An apocalyptic pall hangs over an unnamed land and one girl lurches forward in the shadows. Her spaghetti hair is knotted and overtakes her frail body, tattered oversized clothing covers her alabaster flesh, and she’s hiding something. An oval of adoration. A piece of life in a land that has none. A future in a world devoid of such things. She continuously walks, seemingly reaching towards some sort of peace, cradling a singular egg that could be the only thing worth fighting for left in this world of overbearing darkness.
Mamoru Oshii’s Angel’s Egg is coloured by tragedy, and exists as a post World War II picture in the lens of Japan. The setting is never explicitly named, but something has been taken from wherever this ragged fairy tale is set. Elaborately painted backgrounds convey a world on the edge of total destruction. All that is left are fragments of nature and ghosts of buildings that once stood tall. Cracked ceramics and broken childhood toys are furniture. This sense of loss is so exquisitely manufactured through landscape imagery that as purely a reaction to the devastation caused by the atomic bombs this would be an undeniable example of anti-war cinema, but there is more present here than that. A maternal cinema that captures a primal need within some to give birth, in this case metaphorically, to a new world.
The Christian imagery is everywhere in this movie, and perhaps the strongest of these images is the idea of the virgin mother. Our lead character represents this idea, but a stronger idea is present in the simplicity of carrying a child and the potential for what this child could bring by existing. The unbound questions of possibilities of pregnancy or in this case bringing this egg to hatch. She adores this egg with everything in her, and it’s her only hope in a world that has torn itself apart with war and hatred. She is the only light that shines in this visual painting. Occasionally the reflection of her hair creates a halo effect. She is a mother, She is love, and she is god overseeing the last of humanity.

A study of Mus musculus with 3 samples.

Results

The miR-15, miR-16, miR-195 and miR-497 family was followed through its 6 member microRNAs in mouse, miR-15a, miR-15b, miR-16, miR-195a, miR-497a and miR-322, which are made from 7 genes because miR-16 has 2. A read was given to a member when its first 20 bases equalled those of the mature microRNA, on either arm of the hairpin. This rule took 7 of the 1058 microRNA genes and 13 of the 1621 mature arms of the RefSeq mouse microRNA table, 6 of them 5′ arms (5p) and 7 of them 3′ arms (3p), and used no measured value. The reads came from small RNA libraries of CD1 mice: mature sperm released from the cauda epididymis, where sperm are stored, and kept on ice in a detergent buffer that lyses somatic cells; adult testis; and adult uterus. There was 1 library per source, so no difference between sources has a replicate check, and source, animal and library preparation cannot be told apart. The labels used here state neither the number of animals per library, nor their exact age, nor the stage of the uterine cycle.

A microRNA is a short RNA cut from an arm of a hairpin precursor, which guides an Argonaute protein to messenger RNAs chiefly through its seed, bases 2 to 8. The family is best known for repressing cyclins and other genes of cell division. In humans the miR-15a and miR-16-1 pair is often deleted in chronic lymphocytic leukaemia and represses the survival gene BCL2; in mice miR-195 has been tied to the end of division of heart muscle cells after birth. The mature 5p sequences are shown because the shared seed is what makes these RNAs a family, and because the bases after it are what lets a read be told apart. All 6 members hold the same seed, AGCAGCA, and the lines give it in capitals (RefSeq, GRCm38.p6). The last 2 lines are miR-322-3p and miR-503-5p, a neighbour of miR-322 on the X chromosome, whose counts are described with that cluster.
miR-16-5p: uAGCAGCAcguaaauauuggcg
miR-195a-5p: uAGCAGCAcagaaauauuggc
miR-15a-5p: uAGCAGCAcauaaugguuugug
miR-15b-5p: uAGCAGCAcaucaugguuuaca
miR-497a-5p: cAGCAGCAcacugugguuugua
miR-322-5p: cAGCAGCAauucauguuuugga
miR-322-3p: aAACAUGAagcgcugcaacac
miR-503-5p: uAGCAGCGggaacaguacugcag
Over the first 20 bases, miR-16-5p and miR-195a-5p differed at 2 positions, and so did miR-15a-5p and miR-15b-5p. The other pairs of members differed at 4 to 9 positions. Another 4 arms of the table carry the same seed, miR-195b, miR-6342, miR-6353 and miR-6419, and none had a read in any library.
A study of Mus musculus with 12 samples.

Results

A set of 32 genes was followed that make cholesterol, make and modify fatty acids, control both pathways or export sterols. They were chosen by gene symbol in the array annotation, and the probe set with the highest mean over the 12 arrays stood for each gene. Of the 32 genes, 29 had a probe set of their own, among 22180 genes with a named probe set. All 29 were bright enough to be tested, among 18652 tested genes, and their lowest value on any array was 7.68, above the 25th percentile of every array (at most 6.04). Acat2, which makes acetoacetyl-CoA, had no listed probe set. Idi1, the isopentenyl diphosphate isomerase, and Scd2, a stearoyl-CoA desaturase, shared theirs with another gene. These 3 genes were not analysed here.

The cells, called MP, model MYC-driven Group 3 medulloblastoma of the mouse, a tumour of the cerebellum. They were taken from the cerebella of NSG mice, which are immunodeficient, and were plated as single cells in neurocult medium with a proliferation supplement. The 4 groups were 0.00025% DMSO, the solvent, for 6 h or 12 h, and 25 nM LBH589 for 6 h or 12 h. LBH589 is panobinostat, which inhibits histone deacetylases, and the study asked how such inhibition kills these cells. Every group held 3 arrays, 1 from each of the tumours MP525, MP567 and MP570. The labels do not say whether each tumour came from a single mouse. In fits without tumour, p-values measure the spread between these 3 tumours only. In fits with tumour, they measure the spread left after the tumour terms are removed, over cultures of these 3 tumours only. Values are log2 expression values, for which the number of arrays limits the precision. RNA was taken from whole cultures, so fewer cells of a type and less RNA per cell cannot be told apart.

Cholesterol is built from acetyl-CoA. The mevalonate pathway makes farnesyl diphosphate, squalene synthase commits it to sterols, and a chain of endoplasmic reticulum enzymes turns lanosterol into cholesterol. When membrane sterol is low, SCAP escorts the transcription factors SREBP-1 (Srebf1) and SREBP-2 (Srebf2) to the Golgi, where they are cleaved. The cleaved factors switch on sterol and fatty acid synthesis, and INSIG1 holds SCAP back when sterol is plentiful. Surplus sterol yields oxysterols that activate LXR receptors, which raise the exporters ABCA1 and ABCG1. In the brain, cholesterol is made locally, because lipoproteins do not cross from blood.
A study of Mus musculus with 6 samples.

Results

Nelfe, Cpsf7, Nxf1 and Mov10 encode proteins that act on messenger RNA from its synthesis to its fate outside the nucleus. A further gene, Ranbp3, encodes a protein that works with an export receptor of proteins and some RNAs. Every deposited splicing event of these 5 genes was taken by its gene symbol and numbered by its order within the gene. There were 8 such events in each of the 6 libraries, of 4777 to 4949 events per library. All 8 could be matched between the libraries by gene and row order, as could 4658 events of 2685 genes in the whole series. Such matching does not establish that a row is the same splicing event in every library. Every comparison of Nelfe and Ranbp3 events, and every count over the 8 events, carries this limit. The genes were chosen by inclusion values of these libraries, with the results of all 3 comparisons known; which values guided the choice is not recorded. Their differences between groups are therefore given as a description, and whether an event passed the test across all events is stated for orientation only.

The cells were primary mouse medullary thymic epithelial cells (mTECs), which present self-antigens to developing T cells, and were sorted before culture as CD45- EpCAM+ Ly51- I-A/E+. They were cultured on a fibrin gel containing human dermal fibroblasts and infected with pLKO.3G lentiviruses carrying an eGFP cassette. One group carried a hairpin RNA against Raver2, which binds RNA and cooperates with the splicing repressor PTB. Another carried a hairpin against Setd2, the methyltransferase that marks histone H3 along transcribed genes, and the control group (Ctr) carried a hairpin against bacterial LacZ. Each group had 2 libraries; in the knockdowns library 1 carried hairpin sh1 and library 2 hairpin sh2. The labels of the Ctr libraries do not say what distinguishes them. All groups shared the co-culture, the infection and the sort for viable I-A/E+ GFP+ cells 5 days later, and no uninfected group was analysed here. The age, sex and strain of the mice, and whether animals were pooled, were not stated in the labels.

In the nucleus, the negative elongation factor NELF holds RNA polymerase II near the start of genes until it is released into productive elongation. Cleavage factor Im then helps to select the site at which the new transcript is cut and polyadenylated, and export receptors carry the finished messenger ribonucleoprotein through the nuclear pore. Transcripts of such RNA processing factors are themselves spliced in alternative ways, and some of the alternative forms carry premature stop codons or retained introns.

Is every mother a god in the sense that she gives life? Oshii’s film positions the girl as that figure. A bringer of life in a world that only sees a void. The machines and creations of men have killed the world so the purity of a girl as a representative figure of hope is evocative. A forward moving, abstract narrative calls upon a journey as she tries to keep this egg safe. She oversees the wreckage of the world, and she only grows closer to what it is that she’s carrying. The tragedy of Angel’s Egg is that everything passes, and men, even in worlds that don’t fully represent our own, will shatter everything that is beautiful.
She screams at the grave of the earth, and the tragedy that has been wrought. A mothers child is lost. A god weeps over her planet.
There is a devastating moment of clarity within my own personal cinema when she cradles her now flat stomach. That image is of pure grief, and perfectly illustrates in direct blunt imagery the hollowness of losing a potential child. In my own case, it is theoretical. Grieving over something never afforded to my body, with the lingering empty feeling of knowing this is for you, but not for you. I’ll never give birth. I am infertile. Viewing cinema within the personal creates an ache in my body when that image is presented in front of me. It is a mirror of my own need and desire for pregnancy, and ultimately grasping at nothing but loose cloth and things that will only exist in dream.